Sunday, August 7, 2011

The Art of Mentoring

Just came back from a much needed vacation. I have been pondering a lot on the art of mentoring and what it actually means.  This lead me to reminisce on the advice people have given me that I may have probably ignored or brushed aside. But there are tidbits of wisdom that have been given to me that have remained:

“When you fear something, face that fear. As that is what brings growth"
“Don’t change who you are for any job or any boss"
“You will always be someone's bitch"
“It’s all about internal marketing"

A very intelligent woman I know recently told me that there is a difference between life coaching and mentoring. Furthermore, she told me that she is very selective about who she mentors as she tends to become emotionally involved in their lives.  I realize that my ideal mentor-mentee relationship involves a mentor who guides the mentee along his/her desired path and helps them find their true vocation. However in my case, it becomes about preventing others from making the same mistakes I made and saving other from the pain and anguish I have suffered.  My lack of career role models meant that mom wasn’t there to tell me how to deal with difficult bosses, my cousin wasn’t there to make a phone call on my behalf.  Now I’m ALL about doing that for my family and given the intrusive nature of family. I'm sure at times my advice is unwanted and most definitely unsolicited.

Granted I’m still much more in the category of those who need mentoring rather than those who should be mentoring others. However, I’m starting to think that the question is more basic than how to mentor, but rather make sure your mentee is actually interested in your mentoring. The line between doling out helpful advice and being overbearing is a fine one. One that I’m still learning how to navigate especially with those who are in my family and close circle of friends.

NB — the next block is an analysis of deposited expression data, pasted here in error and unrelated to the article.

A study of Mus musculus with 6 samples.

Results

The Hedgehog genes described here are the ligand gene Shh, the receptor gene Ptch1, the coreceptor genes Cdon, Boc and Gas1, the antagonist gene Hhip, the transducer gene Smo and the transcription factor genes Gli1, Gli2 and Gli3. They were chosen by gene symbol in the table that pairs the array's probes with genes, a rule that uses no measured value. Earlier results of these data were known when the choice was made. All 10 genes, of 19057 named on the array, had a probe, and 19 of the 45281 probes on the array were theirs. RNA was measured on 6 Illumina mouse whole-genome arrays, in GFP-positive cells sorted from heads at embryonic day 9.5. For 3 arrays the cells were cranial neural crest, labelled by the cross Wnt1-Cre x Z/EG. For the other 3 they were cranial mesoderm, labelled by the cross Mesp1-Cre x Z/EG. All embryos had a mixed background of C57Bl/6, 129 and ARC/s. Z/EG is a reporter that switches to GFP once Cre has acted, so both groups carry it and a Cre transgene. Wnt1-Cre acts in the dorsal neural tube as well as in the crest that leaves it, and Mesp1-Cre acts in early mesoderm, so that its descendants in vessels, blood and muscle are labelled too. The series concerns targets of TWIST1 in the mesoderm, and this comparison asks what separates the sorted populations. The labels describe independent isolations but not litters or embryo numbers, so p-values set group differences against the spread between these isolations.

My mother was a housekeeper when I was young and as my mother cleaned her home this woman took it upon herself to dole out advice to me about life and relationships.  It was totally unsolicited yet she made such a strong impression on my younger self.

My mom worked for her till I was in my late teens and eventually her own daughter was going off to college. Some of her advice such as go to school and don’t marry a man because you need him to provide for you, I have listened to. Other advice such as don’t get married before the age of 30, I didn’t listen to. That doesn’t mean she didn’t make an indelible mark in my life.  I hope that someday I can make that kind of impression on someone and that I have enough emotional distance to accept that not all of my advice will be followed.  

She told me that the hardest part of being a parent is learning when it’s time to let go. Although I am not a parent I think this applies to being a mentor at some point you have to let the kids go out into the world and make their own mistakes. Just make sure you let them know you will be there when their car gets towed for excessive parking tickets (Thanks Dad!)